Australian mental health system not ‘person-centred’, Productivity Commission finds

By Shannon Jenkins

Tuesday November 17, 2020

Adobe

Governments must address key gaps and barriers that lead to poor public outcomes in order to fix Australia’s failing mental health system, according to a new report from the Productivity Commission.

The report, which was delivered to the government in June and released publicly on Monday, estimates that mental illness is costing Australia about $200-220 billion per year, with almost one in five Australians experiencing mental illness in a given year.

Among the key barriers are “a lack of clarity across the tiers of government about roles, responsibilities and funding — leading to persistent wasteful overlaps, yawning gaps in service provision and limited accountability”, and under-investment in prevention and early intervention.

The commission found that Australia’s mental health system is not comprehensive, fails to provide the treatment and support that people need and expect, and offers people with mental illness little say in their own treatment.

“Put simply, Australia’s mental health system is not ‘person-centred’. It should be,” the report says.

The report outlines a number of priority reforms, including follow-up care for people after suicide attempts, prioritising the social and emotional development of school children, getting people the right services at the right time, and expanding the remit and independence of the National Mental Health Commission.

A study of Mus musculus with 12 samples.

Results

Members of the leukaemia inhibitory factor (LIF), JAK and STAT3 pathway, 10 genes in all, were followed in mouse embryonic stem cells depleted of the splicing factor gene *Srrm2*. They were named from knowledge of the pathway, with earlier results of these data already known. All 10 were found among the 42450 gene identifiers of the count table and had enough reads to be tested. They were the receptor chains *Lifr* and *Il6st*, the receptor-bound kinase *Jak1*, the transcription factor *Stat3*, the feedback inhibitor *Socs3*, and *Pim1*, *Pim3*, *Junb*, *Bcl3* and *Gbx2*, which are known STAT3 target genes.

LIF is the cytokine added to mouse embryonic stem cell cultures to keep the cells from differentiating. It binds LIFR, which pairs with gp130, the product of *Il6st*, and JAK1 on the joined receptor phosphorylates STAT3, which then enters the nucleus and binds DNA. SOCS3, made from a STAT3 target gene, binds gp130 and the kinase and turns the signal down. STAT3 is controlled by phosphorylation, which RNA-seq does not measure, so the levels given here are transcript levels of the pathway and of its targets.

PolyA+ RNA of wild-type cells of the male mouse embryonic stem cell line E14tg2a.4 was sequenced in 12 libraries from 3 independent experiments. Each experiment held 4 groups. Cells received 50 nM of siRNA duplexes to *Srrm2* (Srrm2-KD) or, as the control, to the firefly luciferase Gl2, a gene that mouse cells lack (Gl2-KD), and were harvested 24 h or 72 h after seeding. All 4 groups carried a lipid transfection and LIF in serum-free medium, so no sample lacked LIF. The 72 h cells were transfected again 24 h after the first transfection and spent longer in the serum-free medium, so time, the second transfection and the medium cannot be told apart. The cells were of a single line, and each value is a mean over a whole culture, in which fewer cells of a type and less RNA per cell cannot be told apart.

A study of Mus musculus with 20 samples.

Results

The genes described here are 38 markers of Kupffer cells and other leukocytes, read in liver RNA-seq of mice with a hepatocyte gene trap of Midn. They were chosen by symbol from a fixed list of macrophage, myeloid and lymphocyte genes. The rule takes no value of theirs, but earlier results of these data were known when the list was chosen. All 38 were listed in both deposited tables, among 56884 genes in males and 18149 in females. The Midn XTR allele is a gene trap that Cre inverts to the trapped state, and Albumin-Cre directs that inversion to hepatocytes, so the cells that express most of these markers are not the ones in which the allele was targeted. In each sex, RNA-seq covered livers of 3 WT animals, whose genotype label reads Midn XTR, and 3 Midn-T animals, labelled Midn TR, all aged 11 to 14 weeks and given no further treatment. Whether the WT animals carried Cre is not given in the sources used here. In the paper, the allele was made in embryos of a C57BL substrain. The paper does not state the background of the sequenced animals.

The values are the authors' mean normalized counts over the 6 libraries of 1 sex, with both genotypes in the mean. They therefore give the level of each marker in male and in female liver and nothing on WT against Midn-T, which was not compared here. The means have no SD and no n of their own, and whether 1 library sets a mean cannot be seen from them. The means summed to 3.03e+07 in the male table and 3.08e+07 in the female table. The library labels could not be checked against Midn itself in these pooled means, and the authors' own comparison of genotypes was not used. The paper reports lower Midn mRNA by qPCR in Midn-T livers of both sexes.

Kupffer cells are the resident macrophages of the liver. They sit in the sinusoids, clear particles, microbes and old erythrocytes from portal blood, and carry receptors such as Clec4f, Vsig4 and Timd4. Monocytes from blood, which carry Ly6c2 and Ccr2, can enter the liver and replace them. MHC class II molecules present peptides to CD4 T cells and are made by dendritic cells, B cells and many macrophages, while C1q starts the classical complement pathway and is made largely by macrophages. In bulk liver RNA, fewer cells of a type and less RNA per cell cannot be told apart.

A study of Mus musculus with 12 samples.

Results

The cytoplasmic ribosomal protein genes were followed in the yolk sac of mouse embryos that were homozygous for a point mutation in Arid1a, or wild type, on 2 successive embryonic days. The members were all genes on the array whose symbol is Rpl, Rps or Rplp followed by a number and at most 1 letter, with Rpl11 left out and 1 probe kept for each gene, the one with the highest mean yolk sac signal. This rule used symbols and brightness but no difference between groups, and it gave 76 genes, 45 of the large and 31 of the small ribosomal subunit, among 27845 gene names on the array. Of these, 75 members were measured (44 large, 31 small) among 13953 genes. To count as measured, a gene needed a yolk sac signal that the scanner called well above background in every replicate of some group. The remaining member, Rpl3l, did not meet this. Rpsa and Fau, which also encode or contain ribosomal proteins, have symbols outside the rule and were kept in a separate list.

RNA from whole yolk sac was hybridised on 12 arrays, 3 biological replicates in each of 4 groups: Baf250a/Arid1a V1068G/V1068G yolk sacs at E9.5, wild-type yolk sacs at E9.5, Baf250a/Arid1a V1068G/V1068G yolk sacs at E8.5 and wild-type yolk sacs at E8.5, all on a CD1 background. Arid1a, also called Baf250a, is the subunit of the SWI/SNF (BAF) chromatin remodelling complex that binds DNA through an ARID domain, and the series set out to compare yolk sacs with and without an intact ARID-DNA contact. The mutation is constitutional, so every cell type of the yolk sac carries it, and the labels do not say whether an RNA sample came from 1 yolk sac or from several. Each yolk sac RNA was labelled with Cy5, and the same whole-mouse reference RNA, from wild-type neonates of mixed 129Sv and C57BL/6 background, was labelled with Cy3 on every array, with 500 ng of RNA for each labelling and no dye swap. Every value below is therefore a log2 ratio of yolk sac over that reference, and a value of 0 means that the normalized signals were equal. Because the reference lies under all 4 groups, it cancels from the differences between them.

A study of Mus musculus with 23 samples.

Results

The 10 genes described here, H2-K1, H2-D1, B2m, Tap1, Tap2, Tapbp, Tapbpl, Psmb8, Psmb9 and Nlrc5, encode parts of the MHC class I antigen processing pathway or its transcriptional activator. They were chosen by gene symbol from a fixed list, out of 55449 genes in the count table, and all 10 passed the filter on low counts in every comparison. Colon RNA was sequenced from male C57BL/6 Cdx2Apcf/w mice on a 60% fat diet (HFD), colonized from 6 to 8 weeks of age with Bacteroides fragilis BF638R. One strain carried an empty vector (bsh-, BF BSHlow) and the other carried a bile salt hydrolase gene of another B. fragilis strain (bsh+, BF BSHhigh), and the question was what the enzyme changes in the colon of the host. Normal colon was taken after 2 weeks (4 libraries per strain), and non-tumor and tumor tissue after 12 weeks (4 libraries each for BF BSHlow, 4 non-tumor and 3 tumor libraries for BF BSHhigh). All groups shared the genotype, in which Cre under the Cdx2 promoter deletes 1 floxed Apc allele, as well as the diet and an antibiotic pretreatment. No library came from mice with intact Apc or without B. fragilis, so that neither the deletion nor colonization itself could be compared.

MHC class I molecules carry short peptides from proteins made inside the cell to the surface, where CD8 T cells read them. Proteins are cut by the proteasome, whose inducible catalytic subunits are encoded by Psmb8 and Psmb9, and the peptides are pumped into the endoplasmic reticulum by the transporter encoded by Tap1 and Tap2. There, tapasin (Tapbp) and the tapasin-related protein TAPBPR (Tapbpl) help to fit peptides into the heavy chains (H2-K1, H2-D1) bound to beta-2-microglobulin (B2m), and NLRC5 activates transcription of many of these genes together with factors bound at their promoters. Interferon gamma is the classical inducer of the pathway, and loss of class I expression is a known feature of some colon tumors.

National Mental Health Commission CEO Christine Morgan said the report confirms what many have known and experienced for a while — that the Australian mental health system needs systemic reform.

“The report identifies the need for a nationally consistent, comprehensive and compassionate mental health care and suicide prevention system that goes beyond the health system — we fundamentally agree,” Morgan said.

“It’s an approach that ensures everyone has access to the information, support and the help they need, where they need it, at the exact time they need it.

“We are pleased to see that the Productivity Commission recognises there is a need to have a connected system with no gaps, to inform and care; and that the systems are functioning as they should.”

The recommendations have called on governments to:

  • Create a mental health system that places people at its centre, including through addressing barriers in the services available to people who need support,
  • Offer effective aftercare to anyone who presents to a hospital, GP or community mental health service following a suicide attempt, with proactive follow-up support within the first day, week and three months of discharge,
  • Focus on children’s wellbeing, including by taking coordinated action to achieve universal screening for mental illness for all new parents and expanding routine health checks in early childhood to include social and emotional wellbeing.

Other recommendations including providing greater support to tertiary students, helping workplaces be mentally healthy, and reducing the stigma surrounding mental illness.

The report also outlined specific actions for the federal Department of Health, the Department of Education, Skills and Employment, the Department of Social Services, as well as education departments across Australia.

Shadow health minister Chris Bowen criticised the government for holding onto the report for five months, describing it as “five months of missed opportunities”.

“The government has said it will respond fully to the report in next year’s Budget. That will be effectively 12 months after they received the report,” he said.

“We will support any measures the government takes and will hold them to account to do it more quickly, more urgently, because this is an urgent national priority.”